Who Is Being Served?
There is no single data source about the recipients of evidence-based early childhood home visiting services. The NHVRC reached out to home visiting models considered evidence based in 2018 and to state, territory, and tribal Maternal, Infant, and Early Childhood Home Visiting Program (MIECHV) awardees.
Their responses—including a 100 percent response rate from models—move us closer to depicting the hundreds of thousands of families working with evidence-based home visiting programs to pursue better lives.
All 15 evidence-based models operating across the United States in 2018 provided data on the number of families and/or children served. Nine models also provided data on the characteristics of those participants. According to the data the evidence-based models provided—
Learn More About the National Landscape
What Do We Know About Other Home Visiting Models?
The Home Visiting Yearbook primarily shares data on home visiting provided by models designated as evidence based by the Home Visiting Evidence of Effectiveness (HomVEE) project. Last year, we began exploring information about emerging home visiting models that demonstrate some evidence of effectiveness but have not been designated by HomVEE as evidence based.
Many emerging models are well established, and several meet some criteria of rigorous evidence. All play an important role in the home visiting landscape, often serving many families or being implemented across several locations.
There is no one-size-fits-all approach to designating models as evidence based. Entities such as HomVEE, the National Registry of Evidence-based Programs and Practices, and state-level organizations use different—although sometimes overlapping—criteria to review a program’s effectiveness. For example, HomVEE looks at the type of study used to evaluate a model and study characteristics such as attrition and confounding factors.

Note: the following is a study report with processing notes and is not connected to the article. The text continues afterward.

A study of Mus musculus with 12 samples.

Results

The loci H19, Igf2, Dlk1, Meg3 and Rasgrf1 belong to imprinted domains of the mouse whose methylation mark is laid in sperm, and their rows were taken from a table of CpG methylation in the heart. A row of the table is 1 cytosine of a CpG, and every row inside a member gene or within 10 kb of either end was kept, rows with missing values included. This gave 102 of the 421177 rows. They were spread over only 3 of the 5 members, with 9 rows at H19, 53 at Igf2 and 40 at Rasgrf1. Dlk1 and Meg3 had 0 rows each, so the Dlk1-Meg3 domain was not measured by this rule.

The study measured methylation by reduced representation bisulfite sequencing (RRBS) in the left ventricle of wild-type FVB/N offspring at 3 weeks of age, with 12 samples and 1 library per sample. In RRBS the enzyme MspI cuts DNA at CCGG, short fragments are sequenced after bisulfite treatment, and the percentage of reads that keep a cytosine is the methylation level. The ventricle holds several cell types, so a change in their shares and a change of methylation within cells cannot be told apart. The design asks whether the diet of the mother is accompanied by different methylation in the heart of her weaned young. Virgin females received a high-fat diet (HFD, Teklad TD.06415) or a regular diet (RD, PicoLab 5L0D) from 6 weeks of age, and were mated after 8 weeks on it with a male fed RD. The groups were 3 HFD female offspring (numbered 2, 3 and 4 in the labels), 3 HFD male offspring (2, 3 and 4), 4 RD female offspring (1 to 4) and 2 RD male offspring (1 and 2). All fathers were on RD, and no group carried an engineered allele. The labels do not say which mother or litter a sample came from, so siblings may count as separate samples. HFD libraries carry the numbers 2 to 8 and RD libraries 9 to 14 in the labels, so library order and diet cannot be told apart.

Evidence builds along a continuum. Although the process may seem linear, various steps or iterations are often involved in moving forward along the continuum. Some emerging models will reach the final phase of the continuum with time. Others may not advance for various reasons. For example, rigorous evaluation takes time and money, and programs may not have enough personnel to conduct an experimental study.
Continuum of Evidence for Home Visiting Models
FRIENDS National Resource Center. (n.d.). Evidence-based practice in CBCAP. Retrieved from [https://friendsnrc.org/evaluation-toolkit](https://friendsnrc.org/evaluation-toolkit)
State of Michigan. (n.d.). Effective and promising practice interventions for increasing healthy eating, increasing physical activity and decreasing tobacco use and exposure in community-based settings. Retrieved from [https://www.michigan.gov/documents/mdch/BHC_TA_Manual_2008-09_244485_7.pdf](https://www.michigan.gov/documents/mdch/BHC_TA_Manual_2008-09_244485_7.pdf)
Child Care and Early Education Research Connections. (n.d.). Child care & early education glossary. Retrieved from [https://www. researchconnections.org/childcare/childcare-glossary](https://www.researchconnections.org/childcare/childcare-glossary)
Philadelphia’s Department of Behavioral Health and Intellectual disAbility Services. (n.d.). Frequently asked questions: Evidence-based practices. Retrieved from [https://dbhids.org/epic/frequently-asked-questions#toggle-id-4](https://dbhids.org/epic/frequently-asked-questions#toggle-id-4)
Cooney, S. M., Huser, M., Small, S., & O’Connor, C. (2007). Evidence-based programs: An overview. What Works, Wisconsin Research to Practice Series 6. Madison, WI: University of Wisconsin–Madison/Extension.